A couple of months ago, the HVAC unit in my home started malfunctioning. The temperature inside my home soared to over eighty degrees Fahrenheit, even though my air conditioning system ran nonstop. After inspecting my air conditioning unit, my knowledgeable HVAC contractor recommended I purchase a new system. He discussed the pros and cons of installing different sizes of HVAC units with me. After considering my HVAC contractor’s advice, I decided to purchase a three and a half ton HVAC unit. Shortly after my HVAC contractor installed my new air conditioning unit, my house started feeling more comfortable. On this blog, I hope you will discover how an HVAC contractor can help you select the right air conditioning unit for your home. Enjoy!


The Right HVAC Unit for Your Home

Should I Repair Or Replace My Water Heater?

by Jamie Shaw

Though most modern water heaters can last anywhere from eight to twelve years, eventually, they can break down and require a few repairs from time to time. Fortunately, fixing a water heater doesn't have to be expensive, but in the event that it happens—especially if it's an older model—you may be wondering whether or not it's time to just replace it altogether.

Making the decision between water heater repair and replacement can be tough, so here are a few questions you can ask yourself to help make the right decision.

How Old is Your Water Heater?

As mentioned above, your water heater should last a while, which should mean that this question should only come up a couple of times over the life of your home. But if your water heater is approaching the decade mark, you should anticipate the problems with your unit becoming more frequent and more costly. Instead of just performing basic water heater repair to patch the unit over until the next time it needs to be fixed, you should consider a new water heater installation instead. Not only will your water heater perform more reliably, but you also have a brand new warranty to give you peace of mind.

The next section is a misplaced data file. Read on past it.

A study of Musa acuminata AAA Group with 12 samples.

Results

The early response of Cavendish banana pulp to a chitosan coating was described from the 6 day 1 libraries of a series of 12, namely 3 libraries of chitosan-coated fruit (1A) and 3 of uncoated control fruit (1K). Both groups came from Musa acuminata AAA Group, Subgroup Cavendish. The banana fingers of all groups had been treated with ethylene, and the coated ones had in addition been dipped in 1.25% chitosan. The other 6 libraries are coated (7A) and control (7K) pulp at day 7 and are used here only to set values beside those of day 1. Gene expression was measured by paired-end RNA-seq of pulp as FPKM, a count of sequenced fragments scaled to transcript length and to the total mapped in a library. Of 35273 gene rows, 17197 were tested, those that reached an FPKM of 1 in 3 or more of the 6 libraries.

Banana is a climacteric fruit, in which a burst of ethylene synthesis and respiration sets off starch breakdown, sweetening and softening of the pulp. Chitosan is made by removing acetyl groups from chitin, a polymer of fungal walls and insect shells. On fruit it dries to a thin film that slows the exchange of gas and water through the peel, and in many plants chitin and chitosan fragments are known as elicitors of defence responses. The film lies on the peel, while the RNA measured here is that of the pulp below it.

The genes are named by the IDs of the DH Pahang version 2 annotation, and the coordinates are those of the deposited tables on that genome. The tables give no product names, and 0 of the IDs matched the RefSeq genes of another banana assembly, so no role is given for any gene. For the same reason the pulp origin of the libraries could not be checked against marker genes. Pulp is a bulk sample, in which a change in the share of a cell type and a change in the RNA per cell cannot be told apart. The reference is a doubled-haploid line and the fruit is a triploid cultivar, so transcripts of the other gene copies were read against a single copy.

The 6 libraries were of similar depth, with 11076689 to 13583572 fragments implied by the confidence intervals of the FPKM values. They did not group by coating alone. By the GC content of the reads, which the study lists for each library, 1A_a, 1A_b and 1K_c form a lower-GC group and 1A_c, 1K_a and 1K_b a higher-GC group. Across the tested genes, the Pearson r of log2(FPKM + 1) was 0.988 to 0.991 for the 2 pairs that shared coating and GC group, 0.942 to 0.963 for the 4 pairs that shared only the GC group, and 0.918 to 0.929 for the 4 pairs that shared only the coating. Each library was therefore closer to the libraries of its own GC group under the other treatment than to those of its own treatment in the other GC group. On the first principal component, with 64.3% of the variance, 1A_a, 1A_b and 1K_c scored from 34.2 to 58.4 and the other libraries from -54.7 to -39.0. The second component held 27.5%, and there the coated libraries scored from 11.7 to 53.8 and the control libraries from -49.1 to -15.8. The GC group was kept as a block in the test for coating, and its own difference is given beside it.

How Much are the Repairs?

Replacing the anode rod and flushing out your water heater are a few of the most common problems that you will have with your water heater. While those aren't usually expensive, if you find that your bill for repairs costs roughly half of what a new one costs—around $1,000, on average—it makes more financial sense for you to just replace your unit altogether. If you wait too long, your water heater may fail completely, which means you'll not only be faced with paying for a new water heater, but also any water damage that happens as well.

Do You Want to Upgrade?

Like everything else in your home, water heater technology has advanced quite a bit in the last few decades. Tankless water heaters are much more efficient at delivering hot water throughout your home, and new energy-saving features mean your water heater can even save you money in the long run. If you're looking to upgrade, either to take advantage of these features or to prep your home for a potential sale, springing for a new water heater replacement might be the best option for you.

Contact a water heater repair service for more information.